Wed., Feb. 6, 2008

For the second time in four years, the ambitious online world Uru fell victim to corporate accountants.

Uru, developed by Spokane-based Cyan Worlds, has been shut down by game publisher GameTap after one year.

About 30 Cyan workers were involved as designers and visual artists on the game.

Rand Miller, CEO of Cyan, said it was too early to say what the company’s next step would be.

“We are figuring out our employee situation and the possibility of running Uru servers ourselves,” Miller wrote in an e-mail.

A GameTap official said the decision was “made for business reasons” but did not elaborate. The company would not disclose how many players the game had attracted. GameTap is a division of Turner Broadcasting, itself owned by Time Warner, Inc.

Ricardo Sanchez, a GameTap vice president, posted an online message saying, “despite the great Myst Online experience coming to a close, Cyan is still a very valued partner of GameTap, we are on excellent terms and we look forward to continuing our relationship in the future.”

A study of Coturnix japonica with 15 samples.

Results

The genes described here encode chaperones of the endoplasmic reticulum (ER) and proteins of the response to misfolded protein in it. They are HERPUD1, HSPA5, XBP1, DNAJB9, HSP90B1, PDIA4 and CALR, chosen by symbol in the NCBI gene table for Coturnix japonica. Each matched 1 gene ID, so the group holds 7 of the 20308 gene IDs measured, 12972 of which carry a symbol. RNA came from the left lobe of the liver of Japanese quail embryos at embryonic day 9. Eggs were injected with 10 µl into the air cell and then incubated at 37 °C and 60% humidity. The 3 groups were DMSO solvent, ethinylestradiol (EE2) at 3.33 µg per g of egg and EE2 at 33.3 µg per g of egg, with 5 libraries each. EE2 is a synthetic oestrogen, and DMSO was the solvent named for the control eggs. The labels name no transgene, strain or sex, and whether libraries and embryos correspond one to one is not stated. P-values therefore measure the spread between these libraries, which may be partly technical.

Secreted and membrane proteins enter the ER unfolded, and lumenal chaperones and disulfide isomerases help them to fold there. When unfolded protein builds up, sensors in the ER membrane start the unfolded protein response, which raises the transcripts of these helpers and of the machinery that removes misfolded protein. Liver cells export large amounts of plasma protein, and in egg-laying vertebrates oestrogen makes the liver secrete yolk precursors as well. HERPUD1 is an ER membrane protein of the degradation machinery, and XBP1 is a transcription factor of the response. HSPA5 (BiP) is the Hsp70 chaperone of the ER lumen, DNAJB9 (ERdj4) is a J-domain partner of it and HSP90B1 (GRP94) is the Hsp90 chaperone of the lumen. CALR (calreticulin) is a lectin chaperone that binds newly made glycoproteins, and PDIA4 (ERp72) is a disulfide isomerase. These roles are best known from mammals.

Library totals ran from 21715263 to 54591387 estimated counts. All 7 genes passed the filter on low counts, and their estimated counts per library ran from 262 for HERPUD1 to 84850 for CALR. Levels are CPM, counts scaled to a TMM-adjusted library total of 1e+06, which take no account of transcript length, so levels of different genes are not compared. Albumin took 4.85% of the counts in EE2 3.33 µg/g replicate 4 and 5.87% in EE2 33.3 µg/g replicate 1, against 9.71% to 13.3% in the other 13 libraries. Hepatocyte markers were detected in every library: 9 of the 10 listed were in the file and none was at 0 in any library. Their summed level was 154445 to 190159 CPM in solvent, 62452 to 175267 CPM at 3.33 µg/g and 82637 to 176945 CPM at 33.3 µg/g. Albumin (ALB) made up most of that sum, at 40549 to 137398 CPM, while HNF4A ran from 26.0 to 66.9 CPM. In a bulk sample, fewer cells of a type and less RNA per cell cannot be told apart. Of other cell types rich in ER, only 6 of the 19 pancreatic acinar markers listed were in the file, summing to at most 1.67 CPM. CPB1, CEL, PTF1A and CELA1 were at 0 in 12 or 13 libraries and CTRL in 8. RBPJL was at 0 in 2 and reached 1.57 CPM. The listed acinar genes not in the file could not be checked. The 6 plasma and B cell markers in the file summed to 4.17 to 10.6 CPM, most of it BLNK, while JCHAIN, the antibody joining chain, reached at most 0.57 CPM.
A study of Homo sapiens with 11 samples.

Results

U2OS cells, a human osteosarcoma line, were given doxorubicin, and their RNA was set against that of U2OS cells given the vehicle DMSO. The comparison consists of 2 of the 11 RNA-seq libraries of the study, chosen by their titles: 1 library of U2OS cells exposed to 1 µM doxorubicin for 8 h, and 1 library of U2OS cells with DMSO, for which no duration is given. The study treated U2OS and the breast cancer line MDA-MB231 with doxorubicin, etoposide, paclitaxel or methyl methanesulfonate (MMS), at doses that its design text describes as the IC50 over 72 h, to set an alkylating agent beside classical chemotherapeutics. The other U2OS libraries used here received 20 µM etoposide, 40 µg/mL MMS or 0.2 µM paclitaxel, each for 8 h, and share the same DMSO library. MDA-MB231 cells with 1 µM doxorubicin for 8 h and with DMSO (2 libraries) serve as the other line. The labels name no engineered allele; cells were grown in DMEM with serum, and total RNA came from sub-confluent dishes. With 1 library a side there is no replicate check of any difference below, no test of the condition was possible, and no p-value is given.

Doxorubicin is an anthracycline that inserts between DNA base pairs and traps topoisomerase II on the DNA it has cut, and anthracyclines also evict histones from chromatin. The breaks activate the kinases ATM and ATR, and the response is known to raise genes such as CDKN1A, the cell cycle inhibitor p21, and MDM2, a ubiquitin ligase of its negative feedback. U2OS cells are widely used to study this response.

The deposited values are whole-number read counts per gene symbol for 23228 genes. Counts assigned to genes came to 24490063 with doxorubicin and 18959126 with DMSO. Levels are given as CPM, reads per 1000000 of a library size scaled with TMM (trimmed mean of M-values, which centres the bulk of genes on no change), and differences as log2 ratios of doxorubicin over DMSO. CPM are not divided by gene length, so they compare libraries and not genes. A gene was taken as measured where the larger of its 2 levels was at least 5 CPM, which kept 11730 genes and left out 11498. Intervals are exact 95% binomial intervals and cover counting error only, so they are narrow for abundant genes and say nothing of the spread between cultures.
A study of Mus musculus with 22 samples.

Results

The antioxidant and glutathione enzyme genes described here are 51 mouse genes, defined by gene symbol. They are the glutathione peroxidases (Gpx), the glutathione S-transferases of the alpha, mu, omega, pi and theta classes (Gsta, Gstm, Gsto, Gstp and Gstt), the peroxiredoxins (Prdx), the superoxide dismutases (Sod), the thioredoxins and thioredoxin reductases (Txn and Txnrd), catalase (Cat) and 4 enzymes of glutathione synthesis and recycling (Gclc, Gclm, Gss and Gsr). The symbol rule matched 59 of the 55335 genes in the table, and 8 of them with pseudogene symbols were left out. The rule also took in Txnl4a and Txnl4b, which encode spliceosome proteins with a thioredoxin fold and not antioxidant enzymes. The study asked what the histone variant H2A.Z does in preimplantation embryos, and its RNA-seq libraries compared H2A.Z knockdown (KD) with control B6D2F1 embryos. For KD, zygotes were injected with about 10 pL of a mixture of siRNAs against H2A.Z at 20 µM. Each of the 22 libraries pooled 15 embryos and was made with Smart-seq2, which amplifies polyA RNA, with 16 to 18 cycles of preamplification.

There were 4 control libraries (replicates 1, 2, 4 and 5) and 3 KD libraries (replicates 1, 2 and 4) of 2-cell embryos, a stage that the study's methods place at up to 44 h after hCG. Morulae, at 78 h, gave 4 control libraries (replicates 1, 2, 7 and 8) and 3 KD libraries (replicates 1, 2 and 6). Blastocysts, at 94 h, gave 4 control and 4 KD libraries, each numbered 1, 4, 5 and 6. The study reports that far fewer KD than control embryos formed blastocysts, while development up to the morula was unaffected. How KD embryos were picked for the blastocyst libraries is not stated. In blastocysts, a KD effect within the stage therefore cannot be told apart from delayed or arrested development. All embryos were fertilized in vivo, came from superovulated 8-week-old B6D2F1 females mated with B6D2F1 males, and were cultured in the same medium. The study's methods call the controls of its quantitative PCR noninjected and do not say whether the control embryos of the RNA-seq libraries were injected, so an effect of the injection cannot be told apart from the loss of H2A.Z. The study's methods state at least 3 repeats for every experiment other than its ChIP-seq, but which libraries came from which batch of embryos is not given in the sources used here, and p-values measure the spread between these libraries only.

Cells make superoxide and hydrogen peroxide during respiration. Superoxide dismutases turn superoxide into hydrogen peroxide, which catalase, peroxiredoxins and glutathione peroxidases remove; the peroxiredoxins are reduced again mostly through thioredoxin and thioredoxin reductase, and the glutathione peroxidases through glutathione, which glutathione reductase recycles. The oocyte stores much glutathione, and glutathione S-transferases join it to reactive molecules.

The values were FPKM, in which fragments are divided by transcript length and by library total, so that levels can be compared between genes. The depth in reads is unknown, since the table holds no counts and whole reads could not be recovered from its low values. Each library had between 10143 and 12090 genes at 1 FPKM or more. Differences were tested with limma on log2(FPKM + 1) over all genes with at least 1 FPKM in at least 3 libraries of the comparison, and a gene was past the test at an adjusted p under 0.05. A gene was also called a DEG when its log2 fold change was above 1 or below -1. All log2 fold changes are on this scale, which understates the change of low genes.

Cyan Worlds first created Uru, also known as Myst Online: Uru Live, back in 2003. French online game distributor Ubisoft agreed to distribute it, but it shut the game down in February 2004.

In early 2007, GameTap resurrected Uru.

Players paid monthly fees to GameTap to participate. Unlike popular war games or first-person shooters, Uru drew fans who enjoyed its rich locales and complex storylines.

It relied on players creating online avatars – game representations of themselves – who then interacted with other characters and players in the game universe. The goal was for players to work together to solve assorted online puzzles.

Miller and Cyan first established their credentials with the breakthrough game Myst, created in 1993. It became the fastest-selling videogame of the 1990s, spawning the sequel Riven.

Even before the decision by GameTap, Miller had been realistic that Uru might not survive a second season under the wing of Turner Broadcasting.

“I’m a bit pessimistic about it surviving,” Miller said. He noted that the game depended on a publisher giving it time to grow and develop its audience.

“It’s really hard to string it along with little bits and pieces.”

In the past two years Cyan also created a second business unit at its north Spokane offices. That group, numbering about 40 workers, provides quality control and testing for other game development companies.

The decision by GameTap doesn’t affect that group, Miller said.